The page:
When she was younger, Stella Duffy kept her options open. She was going to be a trapeze artist. An actor. Emma Peel. Or she was going to write.
Fast forward to today, and her options are still open. Stella is a writer who won’t be pinned down. She has eight stage plays to her name; she’s written twelve books. Some of them are “crime” novels, some of them are “literary.” What’s the difference? “Ask the publishers,” she says.
The way she figures it, she’s a writer, she tells stories. So she’s invented characters as diverse as Saz Martin, a lesbian private eye (Mouths of Babes); Princess Cushla, straight out of a fairy tale and determined to break up couples in love (Singling Out the Couples); and Robert and Akeel, dry-cleaners, one white and working class, the other a British-Pakistani Muslim (The Room of Lost Things).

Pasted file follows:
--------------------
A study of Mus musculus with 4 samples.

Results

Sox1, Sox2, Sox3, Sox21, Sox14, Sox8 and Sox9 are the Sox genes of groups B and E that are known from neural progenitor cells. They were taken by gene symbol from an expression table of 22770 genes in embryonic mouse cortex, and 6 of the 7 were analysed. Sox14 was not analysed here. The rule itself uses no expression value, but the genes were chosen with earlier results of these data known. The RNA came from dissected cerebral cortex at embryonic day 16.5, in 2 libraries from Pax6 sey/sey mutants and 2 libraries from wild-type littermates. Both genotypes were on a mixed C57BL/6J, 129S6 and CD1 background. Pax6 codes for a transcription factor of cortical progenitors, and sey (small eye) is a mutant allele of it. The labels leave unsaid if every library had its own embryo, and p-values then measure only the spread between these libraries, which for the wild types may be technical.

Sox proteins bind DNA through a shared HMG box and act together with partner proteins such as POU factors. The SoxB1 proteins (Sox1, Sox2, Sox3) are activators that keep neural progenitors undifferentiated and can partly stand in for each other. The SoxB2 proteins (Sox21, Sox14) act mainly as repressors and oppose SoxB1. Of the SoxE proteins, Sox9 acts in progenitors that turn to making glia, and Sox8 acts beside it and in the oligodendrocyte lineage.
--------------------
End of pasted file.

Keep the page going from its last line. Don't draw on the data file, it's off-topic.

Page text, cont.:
As for the snobbery that values literary fiction above crime fiction—the suggestion that literary is “proper” and crime is not—she leaves that to the critics. And in 2002, they awarded her the Crime Writers’ Association (CWA) Short Story Dagger Award for “Martha Grace” (in the Tart Noir anthology); and in 2008, Stonewall Writer of the Year for The Room of Lost Things.
But writing isn’t all Stella Duffy does. The girl who wanted to be an actor or a trapeze artist can often be found on stage. Which must take some nerve: Her specialty is improv, “a way of working that means being prepared to create work by the seat of your pants and the skin of your teeth.” At least, that’s the philosophy of Improbable, the company where she’s associate artist. She has also guested with the Comedy Store Players. Oh, and she directs and teaches writing too.